What’s with all the black-and-white logos for apps?


When I intend to work out with the Peloton app, I sometimes accidentally tap Wahoo, a different exercise app on my phone.

Or sometimes my finger mistakenly wanders to another fitness-related app from 4iiii.

I get these apps mixed up because their logos all have white text on a black background. My brain can’t tell the apps apart at a glance.

Once I noticed just how many app logos have white-on-black color schemes — including Threads, the BBC, Uber, Apple TV, and, yup, The Washington Post — I had to know what the heck was going on.

What’s wrong with, you know, colors?

Other apps — including the New York Times, the RealReal shopping app and the dating app Hinge — take the opposite tack with black text on a white background.

(Actually, the Times says its logo colors have slightly reduced contrast like newsprint and are “93 percent black and 95 percent white.”)

My investigation into the black-and-white mystery has a serious side. Smartphones and apps are important cultural markers, and their evolving designs reflect our collective moment and mood.

Judging by all the black-heavy logos, we live in the land of brooding goth apps. Put on your eyeliner and Doc Martens boots — and get into it.

The art and science of logo colors

There’s a perhaps apocryphal theory that the color red makes people feel hungry and that’s why some food companies such as McDonald’s have red in their logos.

Snapchat created its app logo with a “joyful and happy” yellow because no popular apps were using that color, a spokeswoman says.

Reddit says “bold color usage,” including its red-orange logo, is “integral” to the online message board’s brand.

As for why black-and-white seems to be the color scheme of the moment, I got dizzy from all the theories.

To some companies and design experts, black and white conveys luxury, sleekness, calm simplicity — or the complex spectrum of our lives, as the CEO of white-on-black social app BeReal told me.

To Michael Ernst, a brand and product designer who was Yelp’s founding designer, black-dominant apps reflect bro-ness.

“Many of the brand identities that incorporate black color schemes tend to feel more masculine,” Ernst said.

Black-and-white logos can be practical, too.

Black pairs well with other colors, Ernst said. And the Times said its black logo on a white app background looks good even if your phone is in “dark” mode that changes the screen’s background to permanent black.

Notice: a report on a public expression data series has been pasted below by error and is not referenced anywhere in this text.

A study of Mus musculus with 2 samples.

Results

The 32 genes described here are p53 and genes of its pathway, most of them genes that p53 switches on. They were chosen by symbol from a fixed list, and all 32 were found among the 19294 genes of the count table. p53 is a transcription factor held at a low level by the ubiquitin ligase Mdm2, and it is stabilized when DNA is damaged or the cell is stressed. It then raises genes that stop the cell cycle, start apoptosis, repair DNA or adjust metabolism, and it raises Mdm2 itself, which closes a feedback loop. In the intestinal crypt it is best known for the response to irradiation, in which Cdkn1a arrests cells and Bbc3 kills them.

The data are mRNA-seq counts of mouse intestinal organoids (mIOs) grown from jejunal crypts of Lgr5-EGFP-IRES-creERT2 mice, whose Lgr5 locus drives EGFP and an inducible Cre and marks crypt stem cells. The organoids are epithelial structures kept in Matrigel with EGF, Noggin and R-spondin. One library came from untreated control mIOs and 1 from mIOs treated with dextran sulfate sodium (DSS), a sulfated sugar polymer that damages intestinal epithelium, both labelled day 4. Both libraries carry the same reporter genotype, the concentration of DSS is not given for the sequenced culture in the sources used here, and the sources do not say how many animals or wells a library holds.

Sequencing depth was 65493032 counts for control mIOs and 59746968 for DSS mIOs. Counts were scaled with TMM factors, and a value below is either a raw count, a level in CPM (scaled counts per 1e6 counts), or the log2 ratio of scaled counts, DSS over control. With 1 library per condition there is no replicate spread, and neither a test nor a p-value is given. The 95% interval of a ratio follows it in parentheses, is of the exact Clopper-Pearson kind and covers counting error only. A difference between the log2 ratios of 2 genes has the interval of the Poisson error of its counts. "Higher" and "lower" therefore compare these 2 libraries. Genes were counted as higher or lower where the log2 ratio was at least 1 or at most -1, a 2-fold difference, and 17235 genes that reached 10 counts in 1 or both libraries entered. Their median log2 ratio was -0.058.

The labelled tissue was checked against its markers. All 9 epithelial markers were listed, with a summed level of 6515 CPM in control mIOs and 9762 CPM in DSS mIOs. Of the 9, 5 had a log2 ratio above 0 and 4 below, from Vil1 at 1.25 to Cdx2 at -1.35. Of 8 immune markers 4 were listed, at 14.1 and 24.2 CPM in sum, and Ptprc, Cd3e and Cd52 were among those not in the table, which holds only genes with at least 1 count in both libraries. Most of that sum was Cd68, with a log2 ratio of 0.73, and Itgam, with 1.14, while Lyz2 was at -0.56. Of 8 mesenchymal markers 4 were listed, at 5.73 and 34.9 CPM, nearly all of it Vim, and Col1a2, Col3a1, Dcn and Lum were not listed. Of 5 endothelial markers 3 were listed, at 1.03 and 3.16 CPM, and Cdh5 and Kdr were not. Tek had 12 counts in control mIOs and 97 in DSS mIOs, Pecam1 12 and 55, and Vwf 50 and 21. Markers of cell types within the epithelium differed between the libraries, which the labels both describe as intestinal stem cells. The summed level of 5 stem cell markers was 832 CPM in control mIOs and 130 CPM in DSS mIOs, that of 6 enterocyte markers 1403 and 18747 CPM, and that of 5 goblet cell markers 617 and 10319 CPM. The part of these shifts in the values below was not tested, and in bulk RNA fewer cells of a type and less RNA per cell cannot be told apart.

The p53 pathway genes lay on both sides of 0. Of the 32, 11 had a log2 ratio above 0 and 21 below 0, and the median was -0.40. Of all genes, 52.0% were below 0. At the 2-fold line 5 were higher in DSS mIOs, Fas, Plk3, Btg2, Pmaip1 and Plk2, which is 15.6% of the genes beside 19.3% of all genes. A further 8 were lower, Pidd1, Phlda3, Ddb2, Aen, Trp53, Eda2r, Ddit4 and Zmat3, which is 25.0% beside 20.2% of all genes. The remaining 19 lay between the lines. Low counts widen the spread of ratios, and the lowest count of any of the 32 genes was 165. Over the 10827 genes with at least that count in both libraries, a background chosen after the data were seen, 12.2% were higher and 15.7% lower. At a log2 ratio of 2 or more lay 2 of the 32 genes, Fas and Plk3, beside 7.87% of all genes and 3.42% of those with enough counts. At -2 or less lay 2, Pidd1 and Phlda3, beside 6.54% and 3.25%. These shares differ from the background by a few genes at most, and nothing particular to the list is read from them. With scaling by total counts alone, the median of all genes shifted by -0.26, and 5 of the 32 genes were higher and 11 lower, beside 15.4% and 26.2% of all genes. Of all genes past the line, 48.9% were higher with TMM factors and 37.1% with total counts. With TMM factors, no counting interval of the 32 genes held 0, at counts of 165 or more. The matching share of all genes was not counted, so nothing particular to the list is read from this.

Daniel Hallac, chief product officer for Hearst Newspapers, said that as with fashion, app design trends can swing from one extreme to another.

For a while, he said, bright colors were the epitome of app cool, like Snapchat’s yellow and Facebook’s bright blue logo. It was perhaps inevitable that the pendulum would swing to colorless.

“Every time you go through a very bold period, the reaction is to counterprogram,” Hallac said. “Bright maybe feels 2018.”

Perhaps there’s no single explanation for why so many app logos are black and white.

This could be the app version of convergent evolution, which led humans and koalas to each have opposable thumbs. (Look it up!) A bunch of apps independently arrived on black and white.

Trying to stand apart, but looking the same

At least quantitatively, black-and-white apps are not dominant.

Of the 100 most downloaded iPhone apps in the United States last week, according to Sensor Tower, nine have black-and-white logos, including e-commerce company Shein, Meta’s Threads and ChatGPT.

The most prevalent color combination among the top apps appeared to be blue and white — including for Max, Facebook, Venmo, Zoom, LinkedIn and Indeed.

But these apps are different shades of blue that make them look fairly distinct even at a glance. With black-and-white apps, there’s not much nuance to tell apps apart.

So there may not be more black-and-white apps than those of other colors, but it might feel that way because they look similar.

Evite’s recently overhauled logo and app ditched a peppy green that the digital stationery company featured for decades for — you guessed it — black and white.

Evite’s head of creative, Eddie Rhyu, told me that black “has a presence to it.” The black-and-white logo also lets people’s colorful digital invitations and cards stand out.

Rhyu said that unlike the multiple black-heavy exercise apps on my phone, there aren’t many apps with similar color schemes in Evite’s category. “If I were in the fitness industry, I would think twice” about black and white, Rhyu said.

And there’s an irony if companies that want to stand out with black-and-white logos instead make people confused about which app is which, said Marcie Cooperman, a color theory expert at the New School’s Parsons School of Design.

“When so many brands do it, it turns into a trend,” she said. “But that, of course, defeats the purpose.”

Read more: Tatum Hunter spent weeks trying technologies to help find her color “season.” It was a journey.